Typing vs. Computers
Today many people use a computer to do work for their business, home, and school. I am writing a report outlining the differences between using a typewriter and a computer to do work. I will also explain why one machine is better than the other. Hopefully this report will help you discover the advantages your employees will gain from the use of computers.
Computers are machines of the future. People use computers more than the typewriters in the office, at school and at home. One of the main reasons is a computer has more features than a typewriter. A typewriter is very limited in it s use, for example, you have to use correction fluid every time you make a mistake. There is the advantage of Manual typewriters being more mobile (since they don't depend on electricity), but are often bulkier and heavier than electric or electronic typewriters Computers process work faster than typewriters on mass of products. Software such as Microsoft Office 2000 can practically run the office for you. The most common word processing program is Microsoft Word 2000 s Word 2000 program. Word 2000 can bold, underline, copy, paste, and highlight the letters on computers. It can also change fonts and sizes for the letters. Word 2000 has all these special features for the computer, which typewriters don t have.
Computers can save the word processing on hard disk or floppy disk, which means it can be accessed and edited over, and over again, and printed out when needed. Typewriters can t save or change once typing done.
There are some special features of Word 2000 such as the ability of inserting clipart and WordArt. Clipart is a feature that provides arts, pictures, video, and sound. WordArt is also a feature provide styles and colours for words. Computers can make word processing outcome ten times better than typewriter. Typewriters only had spaces, capital letters and other simple features.
Computer Word Processors are very convenient for writing. You can correct mistakes, check your spelling, format your paper, and often do other fancy things quite easily. However, you are tied to a power supply, and you will usually need some unusual sort of adapter in another country. Ribbons for many word processor machines are unique to the company that makes them, and are often hard to find outside of large cities in post-industrial countries.
Laptop computers are the ultimate in convenience. You can do almost anything with a modern word-processing/design application that you could in the best of print shops. However, you are again tied to an electrical outlet (limiting your choice of location and project) and most portable computers do not have their own printer. It is not too difficult to put your material on a floppy disk and print it out at the Center with a computer printer compatible with your computer.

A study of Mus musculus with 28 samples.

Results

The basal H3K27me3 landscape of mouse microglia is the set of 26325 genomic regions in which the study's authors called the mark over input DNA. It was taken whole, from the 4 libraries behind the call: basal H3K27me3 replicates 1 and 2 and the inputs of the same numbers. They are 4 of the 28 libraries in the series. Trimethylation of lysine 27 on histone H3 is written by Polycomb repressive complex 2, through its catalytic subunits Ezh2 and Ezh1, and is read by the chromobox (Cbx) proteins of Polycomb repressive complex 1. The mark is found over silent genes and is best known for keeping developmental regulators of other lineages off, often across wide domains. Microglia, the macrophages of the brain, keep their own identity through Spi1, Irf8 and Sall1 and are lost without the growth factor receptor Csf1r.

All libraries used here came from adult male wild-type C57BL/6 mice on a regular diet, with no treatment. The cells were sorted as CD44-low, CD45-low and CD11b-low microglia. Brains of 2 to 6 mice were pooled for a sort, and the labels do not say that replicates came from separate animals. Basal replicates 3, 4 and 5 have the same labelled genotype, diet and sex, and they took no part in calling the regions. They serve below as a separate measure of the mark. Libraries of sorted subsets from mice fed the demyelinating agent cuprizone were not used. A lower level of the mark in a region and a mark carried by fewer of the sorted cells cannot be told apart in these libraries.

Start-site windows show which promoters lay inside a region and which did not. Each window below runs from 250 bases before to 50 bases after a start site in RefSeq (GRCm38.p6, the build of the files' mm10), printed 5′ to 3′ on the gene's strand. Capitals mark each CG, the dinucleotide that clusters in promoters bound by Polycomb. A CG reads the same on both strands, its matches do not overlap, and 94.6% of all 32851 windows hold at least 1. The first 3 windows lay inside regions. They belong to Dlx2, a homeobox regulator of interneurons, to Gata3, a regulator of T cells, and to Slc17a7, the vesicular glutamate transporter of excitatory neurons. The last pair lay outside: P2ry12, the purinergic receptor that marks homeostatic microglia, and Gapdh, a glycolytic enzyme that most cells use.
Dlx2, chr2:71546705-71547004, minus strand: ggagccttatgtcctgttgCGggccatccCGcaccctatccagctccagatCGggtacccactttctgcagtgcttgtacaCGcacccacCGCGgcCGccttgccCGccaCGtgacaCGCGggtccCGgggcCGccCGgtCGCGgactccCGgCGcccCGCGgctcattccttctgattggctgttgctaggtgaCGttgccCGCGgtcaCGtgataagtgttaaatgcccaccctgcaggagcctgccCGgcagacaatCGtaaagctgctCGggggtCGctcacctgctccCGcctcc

Be aware of typing and writing health. Use posture that won't break your back in ten years. Hold your wrists right so you don't get carpal tunnel syndrome (especially for electronic keyboards). Remember to rest your eyes regularly if your have to stare at a computer screen for long periods of time.
As technology continues to expand in offices across the Nation, the role of the secretary has greatly evolved. Office automation and organizational restructuring have led secretaries to assume a wide range of new responsibilities once reserved for managerial and professional staff. Many secretaries now provide training and orientation to new staff, conduct research on the Internet, and learn to operate new office technologies. In the midst of these changes, however, their core responsibilities have remained much the same performing and coordinating an office s administrative activities and ensuring that information is disseminated to staff and clients.
Secretaries are responsible for a variety of administrative and clerical duties necessary to run an organization efficiently. They serve as an information clearinghouse for an office, schedule appointments, provide information to callers, organize and maintain paper and electronic files, manage projects, and produce correspondence. They may also prepare correspondence, handle travel arrangements, and contact clients.
Secretaries are aided in these tasks by a variety of office equipment, such as filing systems, photocopiers, and telephone systems. In addition, secretaries increasingly use personal computers to run spreadsheet, word processing, database management, desktop publishing, and graphics programs tasks previously handled by managers and other professionals. At the same time, these other workers have assumed many tasks traditionally assigned to secretaries, such as word processing and answering the telephone. Because secretaries are often relieved from dictation and typing, they can support several members of the professional staff. In a number of organizations, secretaries work in teams in order to work flexibly and share their expertise.